What an amazing day! The U.S. Senate overwhelmingly voted to fix our broken system and give immigrants a chance at the American dream. I feel so thankful to God and to all who have fought so long and hard, including me! The New York times wrote an excellent piece you can click on below to read in its entirety.
Remember, now that we won a huge round, this fight is far from over. The House is much more divided, and the enemies of reform will try to stop reform in the House. We must fight harder than ever now to ensure the House knows that 70% of Americans support this bill! We all must continue to act with a sense of desperation and cannot take this victory for granted. Read more below on the Senate vote. What an amazing day to be an American.
The Senate on Thursday approved the most significant overhaul of the nation’s immigration laws in a generation with broad bipartisan support, sending the bill to the Republican-controlled House, where there is significant opposition from conservative members and where the fight could extend into 2014. But given the strong 68-to-32 vote, with 14 Republicans voting in favor, the Democratic leadership and the bipartisan group of eight senators who drafted the original bill seemed determined to savor the moment. Vice President Joseph R. Biden Jr. presided over the vote as senators announced their positions from their desks, in a ceremonial procedure reserved for special occasions.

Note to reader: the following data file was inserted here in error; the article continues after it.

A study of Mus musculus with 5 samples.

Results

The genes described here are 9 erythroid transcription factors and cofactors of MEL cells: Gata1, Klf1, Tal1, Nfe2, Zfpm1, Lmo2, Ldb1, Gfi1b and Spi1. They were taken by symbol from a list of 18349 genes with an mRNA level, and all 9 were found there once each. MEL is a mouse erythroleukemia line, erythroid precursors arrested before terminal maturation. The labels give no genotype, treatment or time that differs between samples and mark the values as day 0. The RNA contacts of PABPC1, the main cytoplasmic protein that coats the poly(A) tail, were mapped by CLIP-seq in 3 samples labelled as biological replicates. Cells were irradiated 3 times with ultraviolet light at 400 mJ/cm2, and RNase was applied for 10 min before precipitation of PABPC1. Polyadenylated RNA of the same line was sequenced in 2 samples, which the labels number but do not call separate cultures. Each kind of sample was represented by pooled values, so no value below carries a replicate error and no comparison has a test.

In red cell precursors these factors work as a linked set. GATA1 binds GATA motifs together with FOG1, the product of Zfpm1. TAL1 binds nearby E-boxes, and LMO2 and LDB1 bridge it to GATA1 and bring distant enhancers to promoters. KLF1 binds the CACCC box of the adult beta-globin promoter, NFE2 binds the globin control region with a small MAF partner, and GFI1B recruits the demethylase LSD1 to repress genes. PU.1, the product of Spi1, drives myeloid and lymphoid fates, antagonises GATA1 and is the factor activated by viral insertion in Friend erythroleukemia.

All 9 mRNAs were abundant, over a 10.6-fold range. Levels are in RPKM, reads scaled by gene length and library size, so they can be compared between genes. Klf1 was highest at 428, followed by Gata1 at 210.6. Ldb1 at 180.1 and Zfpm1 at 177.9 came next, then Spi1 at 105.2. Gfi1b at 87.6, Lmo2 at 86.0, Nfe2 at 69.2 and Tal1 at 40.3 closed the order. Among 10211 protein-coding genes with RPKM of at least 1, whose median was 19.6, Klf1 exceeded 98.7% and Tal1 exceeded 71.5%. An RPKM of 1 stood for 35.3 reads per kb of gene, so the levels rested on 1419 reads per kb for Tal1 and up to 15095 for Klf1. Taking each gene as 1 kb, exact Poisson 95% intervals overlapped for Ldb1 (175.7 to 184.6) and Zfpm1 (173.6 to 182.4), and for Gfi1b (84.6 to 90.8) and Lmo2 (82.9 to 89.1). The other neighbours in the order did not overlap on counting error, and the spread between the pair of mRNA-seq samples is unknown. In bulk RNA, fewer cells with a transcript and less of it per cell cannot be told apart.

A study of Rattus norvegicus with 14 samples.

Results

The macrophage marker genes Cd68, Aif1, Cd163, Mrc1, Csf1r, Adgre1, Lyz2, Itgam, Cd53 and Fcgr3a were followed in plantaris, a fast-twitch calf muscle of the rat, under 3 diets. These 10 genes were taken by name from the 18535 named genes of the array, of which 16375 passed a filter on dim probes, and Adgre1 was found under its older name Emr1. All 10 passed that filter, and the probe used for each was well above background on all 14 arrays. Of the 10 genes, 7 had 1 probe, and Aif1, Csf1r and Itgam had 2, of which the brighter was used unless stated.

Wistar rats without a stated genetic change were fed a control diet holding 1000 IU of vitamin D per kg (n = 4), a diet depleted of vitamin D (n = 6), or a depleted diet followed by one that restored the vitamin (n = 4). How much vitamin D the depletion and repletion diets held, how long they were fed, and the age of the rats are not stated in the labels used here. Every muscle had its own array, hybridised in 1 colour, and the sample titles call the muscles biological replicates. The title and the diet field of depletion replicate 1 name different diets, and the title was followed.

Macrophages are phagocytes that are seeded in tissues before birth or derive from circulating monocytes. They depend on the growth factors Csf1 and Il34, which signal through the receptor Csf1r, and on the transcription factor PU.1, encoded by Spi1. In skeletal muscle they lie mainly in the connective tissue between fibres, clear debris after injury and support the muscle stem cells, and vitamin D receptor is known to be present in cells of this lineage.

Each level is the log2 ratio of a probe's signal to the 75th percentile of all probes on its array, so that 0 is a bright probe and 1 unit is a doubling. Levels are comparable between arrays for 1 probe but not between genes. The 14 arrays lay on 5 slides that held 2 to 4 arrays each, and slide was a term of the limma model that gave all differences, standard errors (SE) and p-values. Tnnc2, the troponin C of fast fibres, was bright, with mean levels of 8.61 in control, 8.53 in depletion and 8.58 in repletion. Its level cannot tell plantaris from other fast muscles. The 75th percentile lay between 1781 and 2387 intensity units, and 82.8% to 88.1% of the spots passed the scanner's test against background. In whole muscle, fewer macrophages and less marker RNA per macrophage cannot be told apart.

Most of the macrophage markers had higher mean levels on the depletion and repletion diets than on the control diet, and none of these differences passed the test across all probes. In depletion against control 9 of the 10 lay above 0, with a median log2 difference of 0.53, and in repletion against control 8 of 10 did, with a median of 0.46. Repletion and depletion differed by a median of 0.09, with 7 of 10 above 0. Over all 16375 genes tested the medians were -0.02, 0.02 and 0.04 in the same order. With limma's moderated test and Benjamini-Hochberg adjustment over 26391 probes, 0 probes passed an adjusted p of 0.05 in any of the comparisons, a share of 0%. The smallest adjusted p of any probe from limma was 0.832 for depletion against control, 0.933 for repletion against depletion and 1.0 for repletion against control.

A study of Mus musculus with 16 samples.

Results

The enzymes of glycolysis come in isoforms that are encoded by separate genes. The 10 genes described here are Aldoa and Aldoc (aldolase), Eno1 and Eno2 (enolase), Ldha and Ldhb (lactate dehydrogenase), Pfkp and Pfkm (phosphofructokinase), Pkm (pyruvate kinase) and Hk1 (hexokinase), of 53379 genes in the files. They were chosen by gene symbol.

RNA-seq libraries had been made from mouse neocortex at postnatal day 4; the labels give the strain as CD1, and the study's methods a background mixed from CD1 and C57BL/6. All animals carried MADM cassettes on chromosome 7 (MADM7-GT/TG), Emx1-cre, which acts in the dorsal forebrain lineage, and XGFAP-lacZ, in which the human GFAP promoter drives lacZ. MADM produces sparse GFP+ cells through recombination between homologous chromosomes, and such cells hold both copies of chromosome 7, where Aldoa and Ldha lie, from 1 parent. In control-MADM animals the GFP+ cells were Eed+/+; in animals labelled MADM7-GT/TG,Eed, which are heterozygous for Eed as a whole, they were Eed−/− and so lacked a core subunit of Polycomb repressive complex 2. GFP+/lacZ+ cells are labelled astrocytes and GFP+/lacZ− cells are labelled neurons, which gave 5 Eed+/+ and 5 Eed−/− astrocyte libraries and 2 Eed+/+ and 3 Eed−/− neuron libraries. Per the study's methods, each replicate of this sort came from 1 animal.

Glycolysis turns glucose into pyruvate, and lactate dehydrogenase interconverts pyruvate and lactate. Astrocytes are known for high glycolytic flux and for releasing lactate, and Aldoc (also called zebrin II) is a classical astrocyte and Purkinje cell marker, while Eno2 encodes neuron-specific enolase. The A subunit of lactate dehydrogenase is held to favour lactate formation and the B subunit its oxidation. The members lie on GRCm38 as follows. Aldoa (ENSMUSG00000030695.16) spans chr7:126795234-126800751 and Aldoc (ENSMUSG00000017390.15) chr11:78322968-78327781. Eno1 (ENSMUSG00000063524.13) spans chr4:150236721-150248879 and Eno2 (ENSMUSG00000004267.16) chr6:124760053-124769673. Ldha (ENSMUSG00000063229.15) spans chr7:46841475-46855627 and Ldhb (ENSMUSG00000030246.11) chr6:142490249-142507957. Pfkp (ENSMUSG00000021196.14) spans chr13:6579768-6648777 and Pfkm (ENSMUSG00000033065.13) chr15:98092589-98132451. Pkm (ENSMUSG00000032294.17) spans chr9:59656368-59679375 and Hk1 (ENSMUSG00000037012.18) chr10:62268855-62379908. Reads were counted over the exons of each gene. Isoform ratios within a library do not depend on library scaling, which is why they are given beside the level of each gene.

Leading up to the vote, many in the “Gang of Eight” that drafted the framework of the legislation took to the Senate floor to give impassioned speeches, including Senator Marco Rubio, Republican of Florida, who is one of his party’s leading Hispanic voices. When Mr. Rubio finished, the other senators in the bipartisan group surrounded him on the floor, patting him on the back and offering words of encouragement. “Good job,” said one. “I’m proud of you,” said another.
During the vote, Mr. Rubio buttoned his suit jacket as he stood and said “aye.” Later, as Mr. Rubio walked around the Senate floor receiving congratulations, he passed by the pages sitting on the steps just below the podium and called out, “You picked a good day to be here.”
The Senate bill provides a 13-year path to citizenship for the 11 million unauthorized immigrants in the country, as well as tough border security provisions that must be in place before the immigrants can gain legal status.
Though overhauling the nation’s immigration system became a priority for many Republicans after the 2012 presidential election, in which the Republican nominee, Mitt Romney, was rejected by Hispanic voters, immigration opponents have mounted last-ditch efforts to derail the bill, which they say would offer amnesty without any real enforcement measures.
As the bill heads to the House, Republican elites and their well-financed pro-immigration groups are running up against opposition from the chamber’s most conservative members. Speaker John A. Boehner threw cold water on any hope that the House would vote on the Senate plan, and he insisted that whatever immigration measure his chamber took up would have to be supported by a majority of his Republican conference.